Zika virus can hamper vital collagen development in the brains of babies whose mothers were infected with the disease while pregnant, new research reveals, as the search for a vaccine continues.
Collagen is crucial to the circulatory system, as it regulates the compression of blood vessels. A large amount of the collagen found in the human brain is located inside vein tissue.
The research findings could explain the deaths of babies with microcephaly, a birth defect that causes a baby to be born with a smaller head and often smaller brains that may not have developed properly.
“In a previous study we saw that mothers with a rare mutation in their collagen genes had more chances of having babies with microcephaly if they got infected with Zika virus. In this study we found out the virus affects collagen-forming genes in foetuses,” says Renato Aguiar, a researcher at the Federal University of Minas Gerais and lead author of the study, published in Science Signaling [9 June].
“These two factors combined lead to very severe cases of congenital Zika syndrome and infant death.”
In early 2015 Brazil experienced a Zika virus outbreak and six months later the association between Zika virus infection and microcephaly was reported, the World Health Organization says. Outbreaks and evidence of transmission have appeared throughout the Americas, Africa and other regions of the world.
This year, Brazil’s Ministry of Health has been notified of more than 3500 probable Zika virus cases.
Scientists are continuing work on a vaccine to protect against the Zika virus, which is transmitted mainly by Aedes mosquitoes.
Research published in Science Translational Medicine [10 June] analysed two vaccine candidates, discovering that although both induced neutralising antibodies, only one was protective against a viral challenge.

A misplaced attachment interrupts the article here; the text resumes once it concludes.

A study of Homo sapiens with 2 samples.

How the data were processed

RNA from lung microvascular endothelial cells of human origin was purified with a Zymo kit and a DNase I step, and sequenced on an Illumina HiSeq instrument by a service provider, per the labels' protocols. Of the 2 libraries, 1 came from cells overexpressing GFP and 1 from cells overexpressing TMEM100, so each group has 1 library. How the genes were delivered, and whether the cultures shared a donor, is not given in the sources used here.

The research shows that a vaccine that aims to neutralise mature Zika virus particles could be effective, says co-author Ted Pierson, chief of the Laboratory of Viral Diseases at the National Institute of Allergy and Infectious Diseases in the United States.
This ‘protective vaccine’ stimulates the production of neutralising antibodies – or natural defence mechanisms – that work like keys that recognise and fit the specific “locks” found on the surface of the adult virus, called epitopes.
Clinical trials in mice, primates and humans have shown that once an antibody finds the “lock”, it recognises the virus as a threat and is able to fight it.
However, Pierson says that “the use of vaccines in pregnant women is something that has to be studied very carefully”.
“The easiest way to protect these women is to make them immune to Zika even before they get pregnant,” Pierson says.
The development of a vaccine may still take some time. There is an ongoing phase two clinical study in the Americas, including Peru, Costa Rica and Mexico, that will provide better understanding of vaccine safety, but further development will require investment, Pierson says.
But, vaccine research may be slowed down as the number of observable cases have dropped since 2016.
“So, there are still unknowns and some challenges about how we can go from safe to effective candidate vaccines,” Pierson says.
Fernando Spilki, president of the Brazilian Society for Virology, who was not involved in either study, says Aguiar’s research explains “not only the Zika syndrome itself but also why there’s a gradation between babies who have no sign of the disease while others have severe developmental challenges”.
The spread of the Aedes mosquito to other latitudes is cause for concern. The mosquito is moving faster than epidemiologists expected and there are smaller outbreaks occurring in southern parts of Brazil.
“Since Zika is not an endemic disease in these regions, the population has no natural defences against it,” Spilki warns.
Research on Zika and similar viruses remains a priority, he says, despite challenges from the COVID-19 crisis and dengue and chikungunya outbreaks. He says part of the COVID-19 response comes from lessons learned during the Zika epidemic.
But, he says, it is crucial that such research has sustained and long-term financial support.
“It’s sad to say this, but it seems like the study of viral epidemics depends on public health emergencies to get a boost,” Spilki says.
“This is far from ideal – there should be continuity in funding in order for us to respond faster and better to these outbreaks when they emerge. And more of them will, because these viruses are a perennial problem in Brazil and Latin America.”
The study by Aguiar and his team received funding from FAPESP, a donor of SciDev.Net.